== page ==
Recently, researchers have revealed that tiny roundworms on International Space Station (ISS) may help astronauts fight muscle and bone loss.
Two Japanese Aerospace Exploration Agency (JAXA) investigations on the International Space Station help researchers seek clues to physiological problems found in astronauts by studying Caenorhabditis elegans, a millimeter-long roundworm that, like the fruit fly, is widely used as a model for larger organisms.
The results of the investigation could lead to new treatments for bone and muscle loss in humans living in space. Findings might also be beneficial to people on Earth suffering from muscle and bone diseases.
Space station crew members will grow these worms in microgravity, as well as another batch in one-g using a centrifuge. This will simulate the force of gravity while the C. elegans remain physically in orbit, allowing a direct comparison of the effects of different gravity levels on organisms in space.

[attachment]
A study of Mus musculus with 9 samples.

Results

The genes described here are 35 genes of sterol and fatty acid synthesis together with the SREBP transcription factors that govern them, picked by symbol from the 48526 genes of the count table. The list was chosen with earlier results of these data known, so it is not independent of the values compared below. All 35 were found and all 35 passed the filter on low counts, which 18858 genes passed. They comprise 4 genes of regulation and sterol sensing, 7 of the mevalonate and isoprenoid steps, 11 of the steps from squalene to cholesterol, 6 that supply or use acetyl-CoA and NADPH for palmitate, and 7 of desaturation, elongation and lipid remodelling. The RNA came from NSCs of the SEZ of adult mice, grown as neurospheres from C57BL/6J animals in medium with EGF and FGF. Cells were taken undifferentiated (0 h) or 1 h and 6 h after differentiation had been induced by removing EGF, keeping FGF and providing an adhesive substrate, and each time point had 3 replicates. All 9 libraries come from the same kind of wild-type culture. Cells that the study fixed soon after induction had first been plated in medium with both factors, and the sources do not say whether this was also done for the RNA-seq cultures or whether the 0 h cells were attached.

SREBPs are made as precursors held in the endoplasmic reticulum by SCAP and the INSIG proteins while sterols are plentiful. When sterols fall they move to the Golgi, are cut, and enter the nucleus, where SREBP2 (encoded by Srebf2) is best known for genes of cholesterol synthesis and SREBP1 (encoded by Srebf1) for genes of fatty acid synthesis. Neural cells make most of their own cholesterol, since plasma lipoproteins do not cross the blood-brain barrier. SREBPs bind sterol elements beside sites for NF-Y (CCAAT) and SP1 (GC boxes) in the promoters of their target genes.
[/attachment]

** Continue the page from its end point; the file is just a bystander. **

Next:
A different JAXA investigation currently on station has been taking a much closer look at C. elegans by examining their DNA. The Epigenetics in spaceflown C. elegans (Epigenetics) study launched to the space station on the SpaceX CRS-5 resupply mission. It requires astronauts on the orbiting laboratory to grow four generations of the worm, with adults and larvae from each generation preserved at different points during their lifespan. The worms will return to Earth in the SpaceX Dragon spacecraft in January.
This simple, tiny roundworm could lead to a cure for symptoms affecting millions of the aging and infirm population of Earth, and the astronauts orbiting it, potentially offering a solution to a major problem in an extremely small package.